Facts About Venus Flytraps
Unlike most plants, Venus flytraps are carnivorous, which means they eat meat. Charles Darwin wrote in his 1875 publication, “Insectivorous Plants,” that the Venus flytrap is “one of the most wonderful [plants] in the world.” There’s no doubt that this opinion was formed after watching the jaws of this plant snap around an insect, capturing it for a meal.
Venus flytraps grow to around 5 inches (13 centimeters) in diameter. Each plant usually has about six stems with hinged leaves. The edges of the leaves are lined with “teeth,” and the leaves fit together like a clamshell. When the leaves snap shut, they form a trap. An individual trap grows to around 1 inch (3 cm), according to The International Carnivorous Plant Society.
Venus flytraps are native to North Carolina and South Carolina, but they have been introduced to other states, including Florida and New Jersey. They like the moist, acidic soil found in the understories of forests, according to the National Wildlife Federation. They also need high humidity and a lot of sunlight to flourish.
Habits & Diet
The most interesting thing about this plant is how it eats. Flytraps lure insects by the reddish lining in the leaves and by secreting a fragrant nectar. When bugs land in the jaws of the flytrap, it doesn’t clamp down right away. Sensory hairs, called trichomes, on the inside of the petals essentially count the movements from the insect. There must be at least two movements in 20 seconds or the petals won’t close. This prevents it from trapping debris or other items that wouldn’t make a good meal.
On the second movement, the plant closes its jaws in under a second by snapping from a convex shape to concave shape. The bristles on the edges of the leaves work like jail bars to prevent the insect from making an escape. [Related: Deadly Math: Venus Flytraps Calculate When Killing Prey]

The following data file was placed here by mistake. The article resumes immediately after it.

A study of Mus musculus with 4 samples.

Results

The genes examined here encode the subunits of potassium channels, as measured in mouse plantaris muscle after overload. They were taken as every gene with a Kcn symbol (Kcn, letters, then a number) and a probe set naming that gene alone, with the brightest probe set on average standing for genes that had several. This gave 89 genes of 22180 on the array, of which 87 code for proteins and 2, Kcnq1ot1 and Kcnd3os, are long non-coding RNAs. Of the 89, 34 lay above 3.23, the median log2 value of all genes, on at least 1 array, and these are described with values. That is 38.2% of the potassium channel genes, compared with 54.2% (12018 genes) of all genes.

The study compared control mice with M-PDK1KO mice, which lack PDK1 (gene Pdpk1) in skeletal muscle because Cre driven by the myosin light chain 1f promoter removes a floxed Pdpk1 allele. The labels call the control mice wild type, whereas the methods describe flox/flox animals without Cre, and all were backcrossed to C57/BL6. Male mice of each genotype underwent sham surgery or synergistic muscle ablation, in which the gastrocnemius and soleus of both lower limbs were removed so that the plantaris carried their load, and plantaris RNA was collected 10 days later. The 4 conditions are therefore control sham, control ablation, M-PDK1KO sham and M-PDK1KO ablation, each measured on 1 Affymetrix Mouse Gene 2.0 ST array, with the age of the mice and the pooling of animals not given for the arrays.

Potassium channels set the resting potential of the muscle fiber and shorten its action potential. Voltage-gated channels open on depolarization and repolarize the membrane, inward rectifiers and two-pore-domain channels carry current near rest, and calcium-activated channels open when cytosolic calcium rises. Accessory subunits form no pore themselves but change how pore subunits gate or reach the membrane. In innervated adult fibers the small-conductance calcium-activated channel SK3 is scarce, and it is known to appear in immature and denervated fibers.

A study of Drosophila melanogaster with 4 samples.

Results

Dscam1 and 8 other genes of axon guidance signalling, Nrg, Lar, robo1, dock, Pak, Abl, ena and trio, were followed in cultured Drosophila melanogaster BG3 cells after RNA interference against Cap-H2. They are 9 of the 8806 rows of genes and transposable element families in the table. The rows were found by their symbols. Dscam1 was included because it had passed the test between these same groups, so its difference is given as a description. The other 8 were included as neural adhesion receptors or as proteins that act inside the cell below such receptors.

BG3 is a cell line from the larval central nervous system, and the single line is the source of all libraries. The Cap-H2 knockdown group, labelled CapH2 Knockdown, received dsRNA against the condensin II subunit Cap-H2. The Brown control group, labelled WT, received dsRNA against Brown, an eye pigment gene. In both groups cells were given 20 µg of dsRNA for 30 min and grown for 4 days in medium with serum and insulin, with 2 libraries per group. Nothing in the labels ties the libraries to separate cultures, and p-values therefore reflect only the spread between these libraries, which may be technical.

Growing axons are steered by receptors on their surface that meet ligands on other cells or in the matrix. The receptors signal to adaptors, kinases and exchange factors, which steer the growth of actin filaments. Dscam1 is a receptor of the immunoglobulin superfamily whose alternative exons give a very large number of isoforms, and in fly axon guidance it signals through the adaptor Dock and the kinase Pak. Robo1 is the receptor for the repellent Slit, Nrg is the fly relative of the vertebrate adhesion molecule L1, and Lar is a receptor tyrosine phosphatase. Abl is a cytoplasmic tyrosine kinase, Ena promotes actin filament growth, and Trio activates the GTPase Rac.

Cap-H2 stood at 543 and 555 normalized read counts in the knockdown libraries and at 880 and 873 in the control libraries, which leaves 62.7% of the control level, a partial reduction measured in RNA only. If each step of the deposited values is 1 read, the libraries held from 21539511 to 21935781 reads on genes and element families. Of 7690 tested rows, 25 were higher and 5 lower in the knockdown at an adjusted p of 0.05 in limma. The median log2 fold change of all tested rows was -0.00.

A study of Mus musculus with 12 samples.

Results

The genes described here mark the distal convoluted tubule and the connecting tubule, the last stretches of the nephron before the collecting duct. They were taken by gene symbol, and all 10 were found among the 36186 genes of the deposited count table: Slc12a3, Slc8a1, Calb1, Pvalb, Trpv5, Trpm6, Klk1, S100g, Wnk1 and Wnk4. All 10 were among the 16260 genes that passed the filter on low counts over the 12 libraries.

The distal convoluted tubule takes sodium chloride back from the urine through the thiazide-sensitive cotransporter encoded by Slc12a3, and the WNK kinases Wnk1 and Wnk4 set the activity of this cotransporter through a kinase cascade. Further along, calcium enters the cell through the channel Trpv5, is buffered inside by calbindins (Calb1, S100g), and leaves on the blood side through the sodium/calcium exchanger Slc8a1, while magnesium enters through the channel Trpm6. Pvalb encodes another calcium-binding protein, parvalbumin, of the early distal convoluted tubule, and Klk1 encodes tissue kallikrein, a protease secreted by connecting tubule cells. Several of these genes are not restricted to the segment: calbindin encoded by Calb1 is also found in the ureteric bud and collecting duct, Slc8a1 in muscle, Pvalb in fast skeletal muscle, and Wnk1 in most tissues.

On the third movement, it starts to digest the insect. Digestive juices are introduced to the mouth area and they break down the insect. After five to 12 days, the plant will reopen and the parts of the bug that couldn’t be digested fall out.
The Venus flytrap’s primary prey is ants, but it will also eat flies, beetles, slugs, spiders and even tiny frogs. Flytraps don’t just eat bugs for nutrition, though. Like other plants, they also need water, gases and sunlight. Insects simply supplement their diet, according to the Botanical Society of America.
Venus flytraps reproduce like many other plants. When their flowers are pollinated, they create seeds. The seed mature after four to six weeks and become black and pear-shaped. These seeds are then spread and grow into new plants.
These flytraps can also reproduce asexually. The roots of the Venus flytrap will extend in the soil and create a bulb root. The new flytrap will grow from the bulb. A gardener can then separate the new plant and bulb from the parent plant by cutting the connecting roots.
Here is the taxonomy of the Venus flytrap, according to the Integrated Taxonomic Information System:
Species: Dionaea muscipula
The Venus flytrap is listed as vulnerable by the International Union for Conservation of Nature’s Red List of Threatened Species. These plants are vulnerable from over-harvesting and habitat destruction.
Another problem for flytraps is proper soil. Forest fires are sometimes beneficial to the understory of a forest. It can clear brush and allow more sunlight through to the understory. Since forest fires are often contained and put out by humans, the trees and brush become overgrown and the Venus flytraps don’t get the light they need.
When the flytrap’s “mouth” is closed, it is sealed air tight. That helps keep out bacteria.
These are perennial plants, which means they bloom year after year. Their flowers are white with green veins running from the base of the petal toward the edges, according to the National Wildlife Federation.
It is estimated that Venus flytraps can live up to 20 years or longer, according to the National Wildlife Federation.